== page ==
Another Round (July 2, 2021) Cert 15, 116 mins.
After falling for Mikkelsen as the unflappable code-named Citron in Nazi occupied Denmark in the 2008 historic drama, Flame & Citron, he is my hero. This month he appears in two tragicomedies, Another Round and Riders of Justice where he is very much the anti-hero. In each he plays a failed father in a rut who has lost his ability to communicate and to feel. In Academy Award winning Another Round Mikkelsen reunites with Dogma director Thomas Vinterberg and co-writer Tobias Lindholm from The Hunt, where Mikkelsen also played a teacher in jeopardy.
With its provocative, crowd-pleasing premise, Another Round, sets itself up for a fall by asking whether booze is the secret to self-realisation. Friends and colleagues Martin (Mikkelsen), Nikolaj (Magnus Millang) Tommy (Thomas Bo Larsen), and Peter (Lars Ranthe) have been teaching at the same Copenhagen high school so long that inertia has set in, making them as boring to their students as they are bored with life. To say frumpily dressed, sleepy-eyed, fiftyish history teacher Martin, with a permanent two-day-growth and a golden lock of hair over one eye is unfocused and unengaging in the classroom is an understatement.
And Martin is shocked at the realisation that he cannot coast indefinitely. He is facing a humiliating rebellion from students and parents concerned about final exams. He cannot continue to blame everything on the student’s addiction to their phones. His grading, not to mention his ability to prepare the students, is causing anxiety.
The listlessness and indifference are not confined to Martin’s professional life. His attractive wife Trine (Maria Bonnevie) has started working night shifts and, we later learn, there is more to this choice of shift than a financial bonus. Nor does Martin have anything to say to his two adolescent sons who never look up from the TV and their phones when he tells them their mother is working, he’s going out to dinner with friends and there’s pizza in the fridge, the extent of his conversation.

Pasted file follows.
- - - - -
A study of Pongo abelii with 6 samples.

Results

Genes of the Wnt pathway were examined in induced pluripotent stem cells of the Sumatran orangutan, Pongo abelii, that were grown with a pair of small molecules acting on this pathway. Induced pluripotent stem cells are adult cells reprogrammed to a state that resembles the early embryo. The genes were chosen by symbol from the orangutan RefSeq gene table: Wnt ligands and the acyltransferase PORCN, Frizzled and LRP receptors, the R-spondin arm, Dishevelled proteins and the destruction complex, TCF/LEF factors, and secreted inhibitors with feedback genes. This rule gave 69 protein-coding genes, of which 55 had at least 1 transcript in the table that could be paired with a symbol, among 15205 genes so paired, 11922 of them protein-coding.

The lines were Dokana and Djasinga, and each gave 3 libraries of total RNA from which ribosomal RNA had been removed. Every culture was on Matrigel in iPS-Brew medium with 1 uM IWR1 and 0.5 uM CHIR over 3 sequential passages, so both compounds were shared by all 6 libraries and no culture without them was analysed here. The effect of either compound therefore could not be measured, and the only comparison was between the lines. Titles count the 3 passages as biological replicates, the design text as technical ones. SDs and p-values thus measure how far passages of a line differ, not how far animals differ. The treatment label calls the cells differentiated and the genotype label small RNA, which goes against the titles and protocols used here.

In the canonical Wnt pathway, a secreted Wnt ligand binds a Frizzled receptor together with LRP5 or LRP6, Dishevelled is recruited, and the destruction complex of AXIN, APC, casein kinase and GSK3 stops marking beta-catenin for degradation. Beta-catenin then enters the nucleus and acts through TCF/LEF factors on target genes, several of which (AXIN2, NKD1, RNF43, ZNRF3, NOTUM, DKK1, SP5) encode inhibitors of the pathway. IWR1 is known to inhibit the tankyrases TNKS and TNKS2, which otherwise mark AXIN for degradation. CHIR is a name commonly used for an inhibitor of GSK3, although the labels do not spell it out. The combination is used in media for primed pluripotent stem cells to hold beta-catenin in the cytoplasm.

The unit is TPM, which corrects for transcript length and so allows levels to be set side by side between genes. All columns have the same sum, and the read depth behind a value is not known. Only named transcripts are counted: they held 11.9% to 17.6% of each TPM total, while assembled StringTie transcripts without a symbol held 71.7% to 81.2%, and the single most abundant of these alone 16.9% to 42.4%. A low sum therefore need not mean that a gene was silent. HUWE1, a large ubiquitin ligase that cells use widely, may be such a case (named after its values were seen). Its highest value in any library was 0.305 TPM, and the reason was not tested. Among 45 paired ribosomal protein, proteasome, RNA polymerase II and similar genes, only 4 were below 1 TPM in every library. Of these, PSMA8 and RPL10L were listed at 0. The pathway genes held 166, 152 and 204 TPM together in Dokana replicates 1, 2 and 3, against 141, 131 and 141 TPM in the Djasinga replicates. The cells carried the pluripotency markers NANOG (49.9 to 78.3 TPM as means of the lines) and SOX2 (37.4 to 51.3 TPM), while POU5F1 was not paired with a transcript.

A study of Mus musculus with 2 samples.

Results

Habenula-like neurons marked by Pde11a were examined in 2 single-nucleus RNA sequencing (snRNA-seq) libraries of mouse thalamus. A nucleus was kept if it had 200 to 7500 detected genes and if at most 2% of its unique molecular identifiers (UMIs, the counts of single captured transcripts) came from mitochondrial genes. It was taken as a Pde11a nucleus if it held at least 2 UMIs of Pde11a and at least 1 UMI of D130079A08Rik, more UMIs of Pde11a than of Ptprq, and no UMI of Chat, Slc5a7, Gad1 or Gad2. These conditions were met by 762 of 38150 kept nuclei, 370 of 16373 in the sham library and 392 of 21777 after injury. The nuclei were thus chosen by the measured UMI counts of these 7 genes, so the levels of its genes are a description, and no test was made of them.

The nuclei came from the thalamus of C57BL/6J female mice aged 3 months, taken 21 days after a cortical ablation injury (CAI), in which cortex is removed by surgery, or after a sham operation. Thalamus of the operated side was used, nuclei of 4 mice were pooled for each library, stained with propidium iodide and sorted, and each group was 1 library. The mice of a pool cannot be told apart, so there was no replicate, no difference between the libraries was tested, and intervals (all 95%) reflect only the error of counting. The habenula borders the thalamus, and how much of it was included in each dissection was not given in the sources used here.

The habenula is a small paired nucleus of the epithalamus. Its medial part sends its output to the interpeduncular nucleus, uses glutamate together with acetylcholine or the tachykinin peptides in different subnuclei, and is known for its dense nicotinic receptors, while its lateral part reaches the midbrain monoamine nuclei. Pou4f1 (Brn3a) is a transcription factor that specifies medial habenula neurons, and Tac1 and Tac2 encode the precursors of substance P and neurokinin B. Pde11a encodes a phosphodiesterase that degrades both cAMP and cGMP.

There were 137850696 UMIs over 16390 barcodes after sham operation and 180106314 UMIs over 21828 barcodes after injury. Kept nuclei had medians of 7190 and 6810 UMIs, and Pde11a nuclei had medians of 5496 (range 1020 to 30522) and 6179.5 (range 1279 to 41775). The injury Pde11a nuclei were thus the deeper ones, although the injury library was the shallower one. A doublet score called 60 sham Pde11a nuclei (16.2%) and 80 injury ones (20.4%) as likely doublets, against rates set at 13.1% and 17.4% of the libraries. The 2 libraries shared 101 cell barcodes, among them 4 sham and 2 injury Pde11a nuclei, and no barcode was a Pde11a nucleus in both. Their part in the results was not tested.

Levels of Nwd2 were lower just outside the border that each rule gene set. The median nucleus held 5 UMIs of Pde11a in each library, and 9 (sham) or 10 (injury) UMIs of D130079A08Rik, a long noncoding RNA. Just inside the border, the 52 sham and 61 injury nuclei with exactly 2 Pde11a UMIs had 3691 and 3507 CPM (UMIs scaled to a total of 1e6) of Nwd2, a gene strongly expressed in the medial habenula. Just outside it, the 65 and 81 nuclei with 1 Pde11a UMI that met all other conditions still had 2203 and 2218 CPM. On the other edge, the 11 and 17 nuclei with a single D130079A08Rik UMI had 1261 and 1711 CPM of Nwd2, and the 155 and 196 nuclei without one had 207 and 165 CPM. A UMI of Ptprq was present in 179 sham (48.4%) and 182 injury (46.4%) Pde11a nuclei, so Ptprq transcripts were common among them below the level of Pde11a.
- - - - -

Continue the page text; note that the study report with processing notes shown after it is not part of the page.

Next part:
Twelve years ago, he and Trine were the golden couple, and Martin, with a grant for a PhD, was the brilliant, star teacher, voted most likely to succeed. ‘What you lack is self-confidence,’ is Nikolaj’s diagnosis at his boozy 40th birthday party where Martin, shaken by the students, is not drinking. With the other three on board, Nikolaj eventually persuades Martin to drink his way out of middle-aged lethargy – as a strictly “scientific” experiment, of course. He proposes testing Norwegian psychiatrist Finn Skårderud’s theory that humans are born with a blood alcohol content that is 0.05% too low. They decide to drink regularly until 8PM (emulating Hemingway) to operate at the optimum level.
Merging form and content, in the first half of the film Vinterberg immerses us in a vicarious high, as the exuberant, excited friends turn their classes around with renewed vigour and Martin takes his delighted family on their first canoeing holiday in years. He and Trine make love and both whisper that it’s been too long.
Martin, who was once known for his jazz ballet dancing, now entertains his appreciative class with creative, hilarious history lessons, most of which demonstrate that the leaders who drank like fish were the victors. We also follow the trajectory of Martin’s three colleagues as they excel in teaching, and improve on their popularity, with their open, engaged and creative approaches to teaching.
But the optimum blood alcohol level is quickly surpassed by round the clock drinking, as the friends break their own rules and soon stop entering their findings and results in the logbook, the basis of their scientific experiment. Inevitably, the men lack the discipline of moderation, and we have to watch four drunks self-destruct for quite some time, in one case, with tragic consequences.
And yet we cheer when, at Peter’s suggestion an apprehensive student who freezes at exams, but wants to be a medical student, passes his oral exam with dutch courage. You have to wonder whether he will resort to the same help before a complex operation in hospital.
In the opening scene, we watch students drinking, running and vomiting (despite a penalty for that) in the Lake Race, an excuse for drinking that has consequence in the wider community and is discussed by the school principal. In the closing scene, this same class is celebrating graduation with more binge drinking as they head to the waterfront for a rave.
Martin is there, hugged by his students for getting them through, and, once again, even after the failure of the experiment and the personal lessons learnt (which would be a spoiler to disclose) is hitting the bottle as hard as his students. Vinterberg never explains this ending or what he is saying about middle-aged professional men (and perhaps women). Is Martin (and his friends) going through a mid-life crisis, or has he realised he cannot be himself without booze?
And though this last comment comes with a spoiler alert warning, it goes to the essence of the film and what might trouble us about it. For one might well ask what is the point of the film if a long-awaited text message from Trine is not enough for Martin to burst into an uninhibited dance? Why does he still need a revolting amount of alcohol, consumed with the jubilant students to text back with a smile of relief on his face? If the point is to give Mikkelsen a meaty role to dazzle us with his richly nuanced range of emotions and physical prowess, Another Round succeeds brilliantly.
Joyce Glaser, Mature Times film critic.